The last thing you remember is driving your car. When you wake up in the hospital, you’re told that you were in an accident, life-flighted to a trauma center and operated on twice. Thankfully, you are going to recover, and you have insurance.
A month after your release, you receive $90,000 in unexpected medical bills because the emergency helicopter and two anesthesiologists who assisted in your surgery were not in your health plan’s network. This nightmare is all too familiar: unsuspecting and vulnerable patients grateful for care but saddled with expensive and unexpected bills, even though they received care at a hospital designated as “in network.”
Unexpected medical bills are the number-one concern among Americans, according to a Kaiser Family Foundation poll. Sixty-seven percent of Americans said they were very or somewhat worried about being able to afford a medical bill they received due to no fault of their own.
It may seem surprising that our organization, which represents some of the largest private sector employers in the world, is seeking public policy intervention. But we can’t do this by ourselves.
The health care market is broken, and the government needs to step in for course correction. We believe in market solutions, and the bipartisan Senate Health, Education, Labor and Pensions Committee proposal, which passed 20-3, is the best option for making the market work by resolving unexpected bills for out-of-network care and creating necessary transparency of hospital, provider and drug prices.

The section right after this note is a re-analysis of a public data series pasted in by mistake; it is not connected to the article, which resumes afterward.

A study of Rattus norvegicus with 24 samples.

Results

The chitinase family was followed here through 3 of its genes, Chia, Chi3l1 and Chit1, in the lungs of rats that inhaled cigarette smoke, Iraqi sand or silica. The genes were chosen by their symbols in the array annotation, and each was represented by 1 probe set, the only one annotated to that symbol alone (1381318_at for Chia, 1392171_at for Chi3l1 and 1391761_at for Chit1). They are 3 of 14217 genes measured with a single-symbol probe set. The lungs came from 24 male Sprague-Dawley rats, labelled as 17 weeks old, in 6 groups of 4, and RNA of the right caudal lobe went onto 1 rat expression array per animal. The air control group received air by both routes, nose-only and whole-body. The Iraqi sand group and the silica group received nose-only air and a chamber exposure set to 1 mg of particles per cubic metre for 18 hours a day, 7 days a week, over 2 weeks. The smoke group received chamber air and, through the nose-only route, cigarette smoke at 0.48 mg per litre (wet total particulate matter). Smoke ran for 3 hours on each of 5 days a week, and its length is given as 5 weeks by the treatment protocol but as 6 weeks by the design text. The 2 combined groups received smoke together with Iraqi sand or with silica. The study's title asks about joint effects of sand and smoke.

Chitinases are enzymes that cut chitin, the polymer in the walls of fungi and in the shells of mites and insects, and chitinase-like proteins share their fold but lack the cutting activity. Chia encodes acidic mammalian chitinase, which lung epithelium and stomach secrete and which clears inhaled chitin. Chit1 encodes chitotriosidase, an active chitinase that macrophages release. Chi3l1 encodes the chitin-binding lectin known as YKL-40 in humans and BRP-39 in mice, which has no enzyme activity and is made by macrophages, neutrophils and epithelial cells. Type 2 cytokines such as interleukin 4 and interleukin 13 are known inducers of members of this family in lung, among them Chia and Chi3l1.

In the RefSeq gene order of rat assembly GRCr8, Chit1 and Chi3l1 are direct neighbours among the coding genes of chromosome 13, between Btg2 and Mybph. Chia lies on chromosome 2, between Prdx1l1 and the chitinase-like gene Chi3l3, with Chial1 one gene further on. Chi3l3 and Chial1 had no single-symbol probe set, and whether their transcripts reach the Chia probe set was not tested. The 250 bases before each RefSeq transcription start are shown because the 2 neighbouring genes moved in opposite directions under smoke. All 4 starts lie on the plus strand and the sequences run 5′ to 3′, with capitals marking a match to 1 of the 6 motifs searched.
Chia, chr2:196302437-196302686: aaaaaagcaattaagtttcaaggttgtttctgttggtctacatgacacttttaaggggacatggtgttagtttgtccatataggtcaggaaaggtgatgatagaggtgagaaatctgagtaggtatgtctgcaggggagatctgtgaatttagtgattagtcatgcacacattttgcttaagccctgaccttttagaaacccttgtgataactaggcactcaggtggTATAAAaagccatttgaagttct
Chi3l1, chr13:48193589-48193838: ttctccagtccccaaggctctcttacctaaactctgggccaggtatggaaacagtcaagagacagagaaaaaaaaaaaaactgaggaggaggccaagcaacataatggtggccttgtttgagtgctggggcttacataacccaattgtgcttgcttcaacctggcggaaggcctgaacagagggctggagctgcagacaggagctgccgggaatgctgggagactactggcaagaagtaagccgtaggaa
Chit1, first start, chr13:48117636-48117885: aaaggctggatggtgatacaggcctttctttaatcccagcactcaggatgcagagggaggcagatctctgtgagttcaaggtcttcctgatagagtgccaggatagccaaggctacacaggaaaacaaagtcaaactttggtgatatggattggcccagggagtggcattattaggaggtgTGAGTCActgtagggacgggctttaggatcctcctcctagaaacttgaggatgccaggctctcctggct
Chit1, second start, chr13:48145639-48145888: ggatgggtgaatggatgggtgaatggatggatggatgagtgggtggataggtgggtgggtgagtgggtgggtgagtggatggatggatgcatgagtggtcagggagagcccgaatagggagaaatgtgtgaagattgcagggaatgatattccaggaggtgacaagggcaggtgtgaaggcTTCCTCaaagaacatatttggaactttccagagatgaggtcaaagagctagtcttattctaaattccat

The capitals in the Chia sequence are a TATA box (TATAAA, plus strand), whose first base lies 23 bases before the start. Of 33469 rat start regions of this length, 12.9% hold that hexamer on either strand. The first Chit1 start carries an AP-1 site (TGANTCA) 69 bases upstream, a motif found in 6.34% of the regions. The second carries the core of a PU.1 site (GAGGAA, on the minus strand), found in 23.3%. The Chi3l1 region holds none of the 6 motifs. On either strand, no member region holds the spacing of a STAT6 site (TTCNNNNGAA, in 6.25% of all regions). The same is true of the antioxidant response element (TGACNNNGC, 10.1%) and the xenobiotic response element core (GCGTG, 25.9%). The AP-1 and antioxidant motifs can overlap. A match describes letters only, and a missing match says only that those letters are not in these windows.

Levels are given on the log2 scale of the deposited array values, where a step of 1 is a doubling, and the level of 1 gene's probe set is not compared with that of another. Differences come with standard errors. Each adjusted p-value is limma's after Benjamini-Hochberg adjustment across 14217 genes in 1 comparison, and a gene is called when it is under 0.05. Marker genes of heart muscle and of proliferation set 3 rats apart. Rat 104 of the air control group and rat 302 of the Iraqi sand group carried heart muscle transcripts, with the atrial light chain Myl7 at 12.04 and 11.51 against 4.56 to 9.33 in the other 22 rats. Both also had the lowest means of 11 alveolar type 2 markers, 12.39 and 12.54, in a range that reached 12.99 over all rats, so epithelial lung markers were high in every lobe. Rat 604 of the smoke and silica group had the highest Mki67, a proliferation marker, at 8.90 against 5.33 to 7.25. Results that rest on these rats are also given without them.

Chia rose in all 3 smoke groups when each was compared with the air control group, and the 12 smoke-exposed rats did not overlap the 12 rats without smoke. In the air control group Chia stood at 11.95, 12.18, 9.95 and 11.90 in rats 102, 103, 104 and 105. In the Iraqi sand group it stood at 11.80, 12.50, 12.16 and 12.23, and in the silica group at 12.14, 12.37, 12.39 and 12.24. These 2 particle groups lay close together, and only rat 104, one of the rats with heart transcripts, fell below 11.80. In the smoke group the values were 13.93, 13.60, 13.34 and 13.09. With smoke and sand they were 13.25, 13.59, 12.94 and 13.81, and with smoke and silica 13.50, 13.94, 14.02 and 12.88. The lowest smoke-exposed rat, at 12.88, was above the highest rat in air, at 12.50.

As a way to avoid cost controls, industry groups are now proposing that cost disputes go to arbitration. If the aim of Congress is to end surprise medical billing and curb medical costs for American families, requiring that all payment disputes go through a lengthy, government-mandated, non-transparent arbitration process is not the answer.
While arbitration may help a single patient and his or her family for the balance of a surprise bill, it will ultimately hurt everyone. Costs will continue to grow; families will bear more cost burdens, and employers have to sacrifice wage increases to pay higher premiums.
The Lower Health Care Costs Act proposes to pay the provider a fair median rate of in-network doctors of the same specialty and in the same geographic market. This is called the benchmark price. This rate would be based on local market prices that have already been negotiated between health care providers and health plans.
The alternative arbitration model does not consider the prices negotiated between health plans and providers and is unlikely to reduce costs. The Congressional Budget Office has indicated that benchmarking is the most effective option for lowering health care costs and estimated that it will save the government approximately $24.9 billion over the next 10 years. The naysayers are limited to those few providers who have been taking advantage of dysfunctional market dynamics and the lack of transparency to overcharge unsuspecting patients.
Patients may not care whether Congress uses arbitration or benchmarking in its legislation to eliminate surprise medical bills, but what they do care about is access to affordable, high-quality health care for themselves and their families. A functional health care market does not regularly drive families into bankruptcy; it does not depend on GoFundMe campaigns for treatment costs; it does not require the world’s largest employers to absorb annual cost increases of 4 to 20 percent with no corresponding improvement in quality or outcomes.
For the sake of our employees and their families, we ask Congress to build on the bipartisan momentum and pass a bill that will end surprise medical bills and bring down the overall cost of health care.
Elizabeth Mitchell is the president and CEO of the Pacific Business Group on Health, a coalition of 60 public and private companies that collectively purchase over $100 billion annually in health care and provide health care coverage to 15 million Americans and their dependents.